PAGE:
After several months of a pandemic, mask wearing, hand sanitizer, and maintaining a social distance is like second nature for most people. The need for those measures is not lost on Margaret Lanca, Ph.D, director of adult neuropsychology and psychological testing and training at Cambridge Health Alliance (CHA) outside Boston.
She developed a method of careful observation while keeping both patient and clinician safe.
With computers, monitors, and cameras, clinicians can guide patients through an evaluation from a separate room while maintaining a visual connection with that patient. As neuropsychology is typically a hands-on discipline, this (approach) was a way to keep therapy intact without endangering the health of the patient or the clinician.
Lanca said that neuropsychological exams can often take several hours, depending on the reason for the exam. Because clinicians see kids, adults, and even geriatric patients, there is a broad range of disorders and conditions to address.
“We have to evaluate the extent of the thinking problem,” said Lanca. “For example, we would do an evaluation for a person with dementia who has increasing memory problems, or a patient with epilepsy or multiple sclerosis. We would evaluate the memory, the attention span, the language to see to what extent the disease or condition has impacted that person.”
Lanca acknowledged that altering the examinations to fit COVID specifications has been a challenge for her field of practice. However, reconceptualizing the steps to examine a patient remotely isn’t new. This kind of virtual contact had already been in use since the early 2000s.
But, it hasn’t been used on such a wide scale until now. Primarily, it was meant for patients who lived in more remote or rural areas where getting access to care was much more difficult. But now, the model is something they’ve had no choice but to adopt more broadly.
Lanca said it probably wasn’t until the early summer that they had procedures in place to see patients successfully. CHA wanted to make sure they were doing things well, not fast. But trying to operate a virtual model is not as quick and easy as one might think. The costs involved can also be steep.
“Increasing the technology in the office, updating computers and software, locating space to be able to work separately, having enough PPE. All of that is costly,” she explained. “And in some cases in which neuropsychologists are doing in-office work, they have to get face shields and install plexiglass. For many of us, we also had to wait until the lockdown lifted in order to start office hours.”
Lanca met Bill Mautz, Ph.D through the same professional circles. Mautz is clinical neuropsychologist and co-director of clinical training at Children’s Neuropsychological Services based in Andover, Mass.
He works with kids ages four to 24. His organization launched into service a little sooner than CHA with a start in May. He said by June, they had already seen about 150 patients.
He pointed out the need for testing didn’t go away when schools shut down and pediatrician offices cut their hours. It was clear by the early summer—both regionally and nationally—that a remote platform was necessary.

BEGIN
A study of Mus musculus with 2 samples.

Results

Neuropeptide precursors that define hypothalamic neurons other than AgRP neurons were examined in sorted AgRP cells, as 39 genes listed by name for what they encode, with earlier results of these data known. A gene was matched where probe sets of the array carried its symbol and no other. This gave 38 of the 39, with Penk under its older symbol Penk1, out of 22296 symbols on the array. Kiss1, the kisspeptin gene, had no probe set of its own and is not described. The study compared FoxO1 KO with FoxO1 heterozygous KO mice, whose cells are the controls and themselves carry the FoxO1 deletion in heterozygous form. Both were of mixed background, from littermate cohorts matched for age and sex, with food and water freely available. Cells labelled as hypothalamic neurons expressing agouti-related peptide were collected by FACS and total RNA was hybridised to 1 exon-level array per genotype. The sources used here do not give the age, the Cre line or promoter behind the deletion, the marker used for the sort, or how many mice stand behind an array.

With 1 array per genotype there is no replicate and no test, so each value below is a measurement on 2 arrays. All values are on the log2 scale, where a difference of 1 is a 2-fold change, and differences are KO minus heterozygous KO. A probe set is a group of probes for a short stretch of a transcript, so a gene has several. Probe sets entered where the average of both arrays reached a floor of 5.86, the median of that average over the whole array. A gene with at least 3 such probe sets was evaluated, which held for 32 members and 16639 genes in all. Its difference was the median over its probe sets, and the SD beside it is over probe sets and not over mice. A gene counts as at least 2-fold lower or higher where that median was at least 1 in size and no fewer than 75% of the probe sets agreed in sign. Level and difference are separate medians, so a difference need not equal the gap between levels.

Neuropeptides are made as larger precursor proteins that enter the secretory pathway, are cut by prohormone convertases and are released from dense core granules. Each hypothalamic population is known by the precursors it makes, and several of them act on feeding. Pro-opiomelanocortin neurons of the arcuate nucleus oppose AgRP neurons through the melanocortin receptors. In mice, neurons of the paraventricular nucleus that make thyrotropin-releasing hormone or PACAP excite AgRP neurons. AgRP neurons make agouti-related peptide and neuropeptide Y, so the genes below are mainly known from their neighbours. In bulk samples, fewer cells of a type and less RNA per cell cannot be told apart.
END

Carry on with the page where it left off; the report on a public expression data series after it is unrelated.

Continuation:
His organization hit the ground running with virtual appointments and remote questionnaires to get as much information and contact flowing as possible. As things have opened up with Governor Baker’s second phase, Children’s Neuropsychological Services started to see patients in person by July.
Once his organization got the go ahead in-person visits, Mautz and his team simply finished the testing they started remotely saying, “We never paused.”
The virtual model will continue to work for those who need it perhaps well past the COVID era. Mautz feels a hybrid model of virtual and in-person clinical visits would probably be the best choice going forward.
Some research seems to agree with him. A study from the UT Southwestern Medical Center published in the Archives of Clinical Neuropsychology in September showed examining children online at home “delivered results comparable to tests traditionally performed in a clinic.” But whatever psychological care happens in the future, he said it will be determined by whether or not insurance covers it.
For Lanca, the downside for the at-home model for clinicians is the lack of control over the environment. Family members may walk in on the session or the dog barks. There is also less control over technology issues like reliable Wi-Fi. In a clinic, everything can be set up so the patient has to do very little except show up.
Lanca also indicated emotional connections—the ability to understand and feel the patient on a deeper level—are lost in a virtual setting.
Mautz agreed virtual care can’t replace the in-person human interaction. However, there can be silver linings. For example, children who are autistic may feel more comfortable at home. Their social fluency might be better because they don’t have the same anxieties they would in a clinic.
Even if they had to go back to an all virtual model because of nation-wide surges in COVID, he said clinicians could still effectively do their jobs. But it’s clear they’d be missing the human connection that’s hard to quantify.
What will continue to be a neuropsychological issue concerns the lasting effects of COVID. A number of reports have discussed “long-haulers” who suffer from lingering symptoms. A recent paper published in The Clinical Neuropsychologist showed that many long-haulers experience memory loss, confusion, sleep disturbances, dizziness, and fatigue, or “brain fog.”
CHA is aware of the research and Lanca said they are working on trying to better understand the long-term effects.